Council postpones emotional budget vote
The City Council postponed the vote on next year's budget until Thursday after an emotional and personal clash over priorities during Wednesday's hearing.
The delay happened after the council acknowledge too many people had signed up to testify to be heard before the end of the lengthy May 22 hearing.
Eudaly volunteered to postpone her most recent renter reform measures to free up the time for the continued hearing.
Before that, Mayor Ted Wheeler forcefully defended the work of the Gun Violence Reduction Team, which Commission Jo Ann Hardesty proposed to defund with the possible support of Commissioner Chloe Eudaly. But Wheeler apologized after Hardesty accused him of disrespecting the two of them by pointing out they did not know the name of the unit, which was formerly called the Gang Enforcement Team. Wheeler repeatedly said he did not mean to offend them.
Commissioner Amanda Fritz then defended the team, saying she has heard from many community members who support it.
The exchange exposed tensions within the city. Hardesty, who is African-American, repeatedly criticized the police during the opening minutes of the budget hearing. She said black and brown people are afraid to turn their backs on officers during traffic stops.
Wheeler said the bureau acknowledges and is working to change its previous problems, saying that the Gun Violence Reduction Team, which now has a focus on all gun crimes.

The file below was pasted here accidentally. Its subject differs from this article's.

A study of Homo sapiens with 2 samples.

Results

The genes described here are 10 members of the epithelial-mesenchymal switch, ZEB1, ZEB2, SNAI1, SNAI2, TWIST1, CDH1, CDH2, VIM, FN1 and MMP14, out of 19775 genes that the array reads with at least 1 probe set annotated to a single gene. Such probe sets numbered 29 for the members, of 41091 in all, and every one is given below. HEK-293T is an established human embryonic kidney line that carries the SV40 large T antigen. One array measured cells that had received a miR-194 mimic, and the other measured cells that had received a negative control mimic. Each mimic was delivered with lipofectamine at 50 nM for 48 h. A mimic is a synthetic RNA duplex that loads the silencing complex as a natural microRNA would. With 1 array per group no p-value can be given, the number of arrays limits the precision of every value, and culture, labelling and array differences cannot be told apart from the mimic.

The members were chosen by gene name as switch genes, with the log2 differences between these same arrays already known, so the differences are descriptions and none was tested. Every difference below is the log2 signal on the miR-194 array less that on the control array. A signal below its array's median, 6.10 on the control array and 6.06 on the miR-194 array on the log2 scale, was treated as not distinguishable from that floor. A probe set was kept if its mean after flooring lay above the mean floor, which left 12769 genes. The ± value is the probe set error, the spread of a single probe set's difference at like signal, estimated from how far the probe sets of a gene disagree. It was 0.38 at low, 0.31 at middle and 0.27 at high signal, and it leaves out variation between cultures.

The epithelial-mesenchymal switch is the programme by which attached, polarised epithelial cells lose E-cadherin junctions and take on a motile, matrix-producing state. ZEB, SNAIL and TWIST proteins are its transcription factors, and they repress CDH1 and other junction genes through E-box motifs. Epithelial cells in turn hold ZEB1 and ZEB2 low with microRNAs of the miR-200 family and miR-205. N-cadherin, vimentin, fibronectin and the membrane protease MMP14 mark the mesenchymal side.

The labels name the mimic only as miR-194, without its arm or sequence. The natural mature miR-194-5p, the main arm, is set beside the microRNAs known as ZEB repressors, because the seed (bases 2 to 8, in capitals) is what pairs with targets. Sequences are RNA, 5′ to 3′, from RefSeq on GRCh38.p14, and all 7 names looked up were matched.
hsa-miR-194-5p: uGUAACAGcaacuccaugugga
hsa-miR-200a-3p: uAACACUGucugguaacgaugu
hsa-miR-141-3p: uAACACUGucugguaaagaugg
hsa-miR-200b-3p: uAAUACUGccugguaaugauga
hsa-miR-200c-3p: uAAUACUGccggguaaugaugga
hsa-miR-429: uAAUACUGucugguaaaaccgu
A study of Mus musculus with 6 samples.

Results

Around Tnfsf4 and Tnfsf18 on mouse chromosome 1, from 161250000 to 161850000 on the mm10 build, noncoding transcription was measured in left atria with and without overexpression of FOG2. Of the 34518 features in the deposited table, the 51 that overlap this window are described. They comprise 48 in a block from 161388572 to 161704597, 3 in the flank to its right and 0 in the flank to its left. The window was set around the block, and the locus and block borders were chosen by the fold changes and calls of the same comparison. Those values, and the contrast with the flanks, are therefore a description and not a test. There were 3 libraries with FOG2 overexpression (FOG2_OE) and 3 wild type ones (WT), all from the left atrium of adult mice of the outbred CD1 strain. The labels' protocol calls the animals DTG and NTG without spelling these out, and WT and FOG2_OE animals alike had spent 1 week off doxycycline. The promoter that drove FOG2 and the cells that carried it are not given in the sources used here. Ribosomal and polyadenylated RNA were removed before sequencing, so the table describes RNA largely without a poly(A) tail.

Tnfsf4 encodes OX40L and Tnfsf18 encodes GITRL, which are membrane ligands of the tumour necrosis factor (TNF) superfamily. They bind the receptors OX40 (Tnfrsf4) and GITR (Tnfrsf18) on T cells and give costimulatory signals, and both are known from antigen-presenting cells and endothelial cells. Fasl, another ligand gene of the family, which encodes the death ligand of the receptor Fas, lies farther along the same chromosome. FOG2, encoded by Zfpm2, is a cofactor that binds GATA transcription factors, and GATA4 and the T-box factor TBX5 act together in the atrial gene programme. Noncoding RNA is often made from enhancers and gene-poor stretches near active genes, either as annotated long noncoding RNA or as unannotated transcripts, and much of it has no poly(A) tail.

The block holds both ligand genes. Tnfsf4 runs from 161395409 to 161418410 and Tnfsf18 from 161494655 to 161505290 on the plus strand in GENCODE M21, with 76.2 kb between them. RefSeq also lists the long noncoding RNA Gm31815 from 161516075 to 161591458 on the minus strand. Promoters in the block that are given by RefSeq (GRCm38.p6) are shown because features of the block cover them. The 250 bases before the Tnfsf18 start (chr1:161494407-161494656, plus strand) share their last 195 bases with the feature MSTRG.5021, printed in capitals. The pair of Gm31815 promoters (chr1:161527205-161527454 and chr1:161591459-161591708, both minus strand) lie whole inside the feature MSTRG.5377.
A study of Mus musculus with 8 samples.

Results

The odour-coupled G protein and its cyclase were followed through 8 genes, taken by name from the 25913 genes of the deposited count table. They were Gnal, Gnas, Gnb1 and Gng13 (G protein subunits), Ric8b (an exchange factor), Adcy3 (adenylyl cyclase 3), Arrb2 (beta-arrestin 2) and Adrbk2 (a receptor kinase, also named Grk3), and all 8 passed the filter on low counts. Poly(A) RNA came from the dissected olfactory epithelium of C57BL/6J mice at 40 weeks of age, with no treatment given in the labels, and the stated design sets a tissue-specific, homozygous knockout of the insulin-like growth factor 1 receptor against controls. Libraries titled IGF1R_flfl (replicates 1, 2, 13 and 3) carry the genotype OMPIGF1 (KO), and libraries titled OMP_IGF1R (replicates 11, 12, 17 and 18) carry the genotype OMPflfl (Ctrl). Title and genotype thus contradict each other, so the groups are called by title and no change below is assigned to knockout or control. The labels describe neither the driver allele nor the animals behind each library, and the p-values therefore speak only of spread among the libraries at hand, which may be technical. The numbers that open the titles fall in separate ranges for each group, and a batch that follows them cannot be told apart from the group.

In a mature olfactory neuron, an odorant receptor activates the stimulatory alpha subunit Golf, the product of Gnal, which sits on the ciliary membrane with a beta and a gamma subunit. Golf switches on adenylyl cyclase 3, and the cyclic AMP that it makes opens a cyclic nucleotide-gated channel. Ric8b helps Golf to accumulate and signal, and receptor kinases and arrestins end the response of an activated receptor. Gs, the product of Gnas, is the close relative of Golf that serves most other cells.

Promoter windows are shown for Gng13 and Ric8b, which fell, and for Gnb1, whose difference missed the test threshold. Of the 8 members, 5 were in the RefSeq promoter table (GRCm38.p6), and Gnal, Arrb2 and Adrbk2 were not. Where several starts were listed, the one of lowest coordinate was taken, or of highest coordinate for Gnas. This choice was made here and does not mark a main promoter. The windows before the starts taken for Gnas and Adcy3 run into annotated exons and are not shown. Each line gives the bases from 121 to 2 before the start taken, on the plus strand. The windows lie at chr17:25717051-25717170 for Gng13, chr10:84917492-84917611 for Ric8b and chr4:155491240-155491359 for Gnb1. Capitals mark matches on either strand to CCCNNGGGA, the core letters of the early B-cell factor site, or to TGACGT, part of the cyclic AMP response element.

Much of the public testimiony that followed opposed the proposed cuts in Portland Parks & Recreation. The budget would eliminate 56 positions and close close sevral community center to help eliminate a $6.3 million funding gap. It is unclear how many of the employees would be able to fund jobs in other bureaus.
Hardesty said she wants to disband the Gun Violence Reduction Team in part to free up money to prevent the park bureau cuts. She proposed other cuts in the police bureau and other general fund programs for the same reason.
Hardesty's first attempt to formally raise her budget concerns fizzled earlier in the day. She moved that the council delay the first hearing of an ordinance to grant a 3.9 percent cost-of-living-adjustment to city employees who are not represented by unions. The percent is the average of what represented employees are scheduled to receive.
Hardesty wanted to delay the hearing on the ordinance until the council considers the overall budget for the next fiscal year. Hardesty said she could not in good faith vote to give herself a raise at the same time the council is considering cutting some of the lowest-paying jobs in the parks bureau. Wheeler noted the council will not actually vote on the COLA ordinance until next week. Hardesty's motion died when it was not seconded by another other council member, and it was scheduled for a second hearing and vote next week.
Wednesday's hearing is expected to continue for hours.